Testing the Limits
from tornadoes to fatherhood, BJ Hollars’ new essay collection focuses on survival
In April 2011, B.J. Hollars, his wife, Meredith, and their dog survived an EF-4 tornado by huddling together in a bathtub. To cope with the aftermath of the storm, Hollars wrote.
In fact, he found himself writing the same line over and over again: “I am trying to write my way out of disaster. I am trying to write myself out of disaster…” Though he could not actually write his way out of disaster, he did, in fact, write himself into a book. That book, This Is Only a Test, was published earlier this year by Indiana University Press.
“If I write about the trauma in different ways, perhaps I’ll crack the code on how best to tell the story.” – BJ Hollars on the disastrous themes in his new essay collection, This Is Only a Test
The title refers to the tests we face every day. “Sometimes they’re small, sometimes large, but they always require our full attention,” Hollars says. “Specifically it refers to the test of parenthood, a test I know I fail regularly.”
Hollars spent a year writing different essays in different styles about tornadoes while living in Tuscaloosa, Alabama, one of the sites of what he learned afterward was “the second most deadly weather outbreak in U.S. recorded history.”
Hollars feels that by returning to the subject of disasters, he’s trying to gain control. “If I write about the trauma in different ways, perhaps I’ll crack the code on how best to tell the story,” he says. “And also, to crack that code on how I can best protect my family. It seems silly, but there is a comfort in the repetition. I’m saying, ‘I have my eyes on you, Tornado. I haven’t forgotten you’re there.’ ”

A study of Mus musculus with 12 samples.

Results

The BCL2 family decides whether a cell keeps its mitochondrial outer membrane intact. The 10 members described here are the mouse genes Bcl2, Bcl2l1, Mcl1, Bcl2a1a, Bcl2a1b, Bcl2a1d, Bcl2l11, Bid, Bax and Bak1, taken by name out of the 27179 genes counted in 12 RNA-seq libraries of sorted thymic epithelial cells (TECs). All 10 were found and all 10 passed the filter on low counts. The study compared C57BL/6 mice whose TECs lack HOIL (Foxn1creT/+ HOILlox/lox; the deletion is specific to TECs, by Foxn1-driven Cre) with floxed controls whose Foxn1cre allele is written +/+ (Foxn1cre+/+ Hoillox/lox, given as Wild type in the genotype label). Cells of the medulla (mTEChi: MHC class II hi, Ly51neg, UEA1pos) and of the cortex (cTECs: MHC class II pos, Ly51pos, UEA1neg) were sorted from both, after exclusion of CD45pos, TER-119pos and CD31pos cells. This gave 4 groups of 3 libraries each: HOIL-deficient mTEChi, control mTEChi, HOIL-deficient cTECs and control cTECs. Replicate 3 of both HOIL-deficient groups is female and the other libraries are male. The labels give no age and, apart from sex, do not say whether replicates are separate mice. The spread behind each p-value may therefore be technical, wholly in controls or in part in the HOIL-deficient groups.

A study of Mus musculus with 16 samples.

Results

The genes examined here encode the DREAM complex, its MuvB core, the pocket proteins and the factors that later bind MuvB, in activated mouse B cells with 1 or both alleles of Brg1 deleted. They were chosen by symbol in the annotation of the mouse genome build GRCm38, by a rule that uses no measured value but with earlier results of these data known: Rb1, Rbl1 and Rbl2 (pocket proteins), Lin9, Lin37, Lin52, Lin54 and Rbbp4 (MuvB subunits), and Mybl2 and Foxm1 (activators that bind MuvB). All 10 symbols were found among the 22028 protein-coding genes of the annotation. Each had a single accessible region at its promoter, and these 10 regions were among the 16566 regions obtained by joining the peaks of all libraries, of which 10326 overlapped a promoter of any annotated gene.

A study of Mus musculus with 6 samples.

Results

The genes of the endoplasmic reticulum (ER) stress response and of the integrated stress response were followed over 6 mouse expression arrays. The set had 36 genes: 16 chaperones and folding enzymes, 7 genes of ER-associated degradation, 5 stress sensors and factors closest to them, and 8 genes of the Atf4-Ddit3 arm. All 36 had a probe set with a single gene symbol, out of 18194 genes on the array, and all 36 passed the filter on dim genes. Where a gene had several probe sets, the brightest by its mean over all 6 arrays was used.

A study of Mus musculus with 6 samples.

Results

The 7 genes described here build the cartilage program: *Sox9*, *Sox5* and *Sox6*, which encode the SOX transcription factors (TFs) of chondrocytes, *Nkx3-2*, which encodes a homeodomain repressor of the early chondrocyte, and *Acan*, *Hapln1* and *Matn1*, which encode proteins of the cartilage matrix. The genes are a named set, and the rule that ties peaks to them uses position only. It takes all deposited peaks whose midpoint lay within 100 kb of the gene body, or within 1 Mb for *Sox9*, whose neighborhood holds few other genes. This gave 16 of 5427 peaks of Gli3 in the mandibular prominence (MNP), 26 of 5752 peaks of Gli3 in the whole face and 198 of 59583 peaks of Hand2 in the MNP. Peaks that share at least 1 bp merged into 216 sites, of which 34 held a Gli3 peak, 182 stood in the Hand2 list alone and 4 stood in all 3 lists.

The first essay, “Goodbye, Tuscaloosa,” shares the scary moments of hiding in the bathtub and then walking through the damaged city afterwards, retracing the tornado’s path, trying “to make sense of our shifted landscape.” At the end of the essay, we learn of the secret he and Meredith held in the sanctuary of that bathtub. “ ‘If we died,’ my wife said, staring at the plus sign on her pregnancy test, ‘then no one would’ve known about you.’ ”
More essays about the tornado follow, including a letter to the people of Joplin, Missouri, who experienced their own disastrous tornado that same spring. There is also Hollars’ whimsical but thought-provoking “A Test of the Emergency Alert System,” containing the following question: “Which of the following tools most effectively removes debris? a) Chainsaw, b) Axe, c) Bow saw, d) Poem.”
The book’s format is what Hollars calls “a constellation of essays,” a term he came up with and shares with his writing students at UW-Eau Claire. In a constellation, each star shines on its own. They also function to make a bigger picture. This Is Only a Test connects individual essays about not only tornadoes, but also drowning accidents, bombings, diseases, and nuclear threats. Each essay shines on its own while skillfully connecting with the others.
Woven among these essays about scary aspects of life and parenthood are Hollars’ little observations that reflect great hope. This uplifting optimism culminates in the last two essays in the book. “Punch Line” delivers the news of his wife’s pregnancy with their second child, the start of a new beginning. “Bedtime Story” is a letter from Hollars to his unborn daughter telling her of a mysterious light that appeared many years ago over her new home in Eau Claire and what her father believes it represented.
A blurb on the back cover of his book sums it up best: “Hollars creates a constellation of grief, tapping into the rarely acknowledged intersection between fatherhood and fear, sacrifice and safety, and the humbling effect of losing control of our lives.”
This is Only a Test is available at The Local Store as well as online at bjhollars.com and other outlets. Hollars will read from the collection at 7pm Tuesday, March 29, in the Volume One Gallery.